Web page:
The Linear Canvas
This journal is about the wrongs and rights of the world, as I see them.

The Linear Canvas

My Recorded Cover Songs – Thank You (Led Zeppelin)

October 25th, 2011 . by Alexander Fisher

Led Zeppelin IIWhenever I pick up an acoustic guitar, I end up playing something by Led Zeppelin. I have all of Led Zeppelin’s albums and I have several videos and music books. I guess I’m a fan.

I hadn’t recorded anything new for awhile. I was just busy doing videos and things. I hadn’t played Thank You for quite awhile either and started playing it in the the last few weeks. I decided to go ahead and record a cover of it. I haven’t heard the original in months, so I did the arrangement from memory, which I think was faulty. But as they say on American Idol, I think I made it my own, for better or worse.

It only took me about forty-eight hours to finish this project. I was worried that I wouldn’t be able to play a certain part here or there, but after a little practice, everything went pretty smoothly.

Thank You


The guitar is my Takamine G series acoustic. The bass is my Rickenbacker 4001. The drums are Session Drummer 3 and a Roland Octapad. The organ is from the Dimension Pro plug-in using a Roland MIDI slave keyboard.  I recorded and processed it with Cakewalk Sonar 8.5 Producer and Sony Sound Forge 9.


October 1st, 2011 . by Alexander Fisher

Apple-TV-remoteI bought an Apple TV network device a few months ago. There are many of these network appliances out there that act as an interface between your television, the internet, and your home computer. They will play music and video usually from any network source they are connected to. Looking at the other network devices available made me realize some of them had more content providers available on them than the Apple TV, and there is always that exclusive Apple country club tax involved when buying an Apple product. But still I knew I had to have the Apple device and the under $100 I paid for the latest version Apple TV seemed almost like a bargain.

Most new TV’s and nearly everything else anymore, contain some kind of web app for anything from Netflix to Pandora. My 2006 Hitachi plasma TV doesn’t include any internet connectivity. But you’ll never get me to replace my plasma for lack of network apps. There’s no need for that currently anyway, as my Apple TV adds that same connectivity, within the Apple world, which is both good and bad.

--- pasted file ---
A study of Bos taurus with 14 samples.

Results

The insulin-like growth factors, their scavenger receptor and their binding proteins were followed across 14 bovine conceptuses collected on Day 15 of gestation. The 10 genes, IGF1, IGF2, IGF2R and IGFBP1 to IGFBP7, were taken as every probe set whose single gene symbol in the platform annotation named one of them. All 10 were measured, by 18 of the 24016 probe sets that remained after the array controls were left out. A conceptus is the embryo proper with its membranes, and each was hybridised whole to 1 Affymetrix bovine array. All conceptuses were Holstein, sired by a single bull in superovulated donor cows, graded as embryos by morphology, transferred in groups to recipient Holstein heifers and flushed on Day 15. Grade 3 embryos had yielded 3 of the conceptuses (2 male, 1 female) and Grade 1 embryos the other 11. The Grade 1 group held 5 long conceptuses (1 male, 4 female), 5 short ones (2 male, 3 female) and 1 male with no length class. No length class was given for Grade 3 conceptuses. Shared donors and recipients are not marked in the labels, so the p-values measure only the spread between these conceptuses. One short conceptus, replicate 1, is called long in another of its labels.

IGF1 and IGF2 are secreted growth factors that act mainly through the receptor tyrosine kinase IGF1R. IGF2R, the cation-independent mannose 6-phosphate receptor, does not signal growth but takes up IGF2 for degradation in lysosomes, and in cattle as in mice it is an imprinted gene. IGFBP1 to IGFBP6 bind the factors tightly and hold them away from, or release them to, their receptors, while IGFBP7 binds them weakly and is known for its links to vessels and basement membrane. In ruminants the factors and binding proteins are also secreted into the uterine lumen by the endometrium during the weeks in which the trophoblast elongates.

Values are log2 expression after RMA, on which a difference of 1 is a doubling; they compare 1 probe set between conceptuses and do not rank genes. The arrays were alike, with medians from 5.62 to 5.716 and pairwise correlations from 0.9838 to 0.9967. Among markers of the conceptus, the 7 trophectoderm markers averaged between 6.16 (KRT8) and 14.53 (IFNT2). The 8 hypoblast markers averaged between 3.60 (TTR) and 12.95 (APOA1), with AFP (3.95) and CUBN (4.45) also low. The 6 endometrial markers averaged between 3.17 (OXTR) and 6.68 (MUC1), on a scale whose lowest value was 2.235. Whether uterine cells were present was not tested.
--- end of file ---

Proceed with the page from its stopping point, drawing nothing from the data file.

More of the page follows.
I purchased the Apple TV for a couple of reasons, but the reason I bought the Apple instead of another network device, was my reliance already on iTunes for my music. I bought a 20GB iPod in 2004 and have been using Apple music products when I could ever since. I also have an iPhone. But I still use a PC. I am too deeply invested in PC software to change to a Mac now. But I have a lot of reverence for any product with the Apple name on it. My next computer could be an Apple, now that they have some PC compatibility.

The Past

I had been using a Universal Plug and Play (UPnP) audio device on my network, so this wasn’t a stretch by any means to convert to the Apple TV. That Netgear MP101 device was actually able to read an iTunes folder on a computer to play my iTunes music only.

I use a program called GoodSync to duplicate my iTunes folder on the music server from my computer. I could manually update the files, but that would be too tedious. The Netgear device didn’t care that iTunes was not actually installed on the server, as long as the folders were arranged as when it is present. This way I didn’t have to have my personal computer on to play music. I could just use any old computer on the network to serve my iTunes folders to my stereo upstairs. That was easy enough.

This Netgear music player did a very good job of serving music around the S/PDIF digital audio network I have constructed around the house. I was converting the analog output of the Netgear into optical S/PDIF. Now I split and amplify the Apple TV‘s optical audio output to connect to my system. I then split and amplify the optical signals again to make four outputs, finally converting each optical S/PDIF to 75Ω coaxial S/PDIF. I feel comfortable running each RG6 digital audio cable around forty feet to any digital audio device that supports coaxial S/PDIF. Any further than that and the signal loss could be a problem.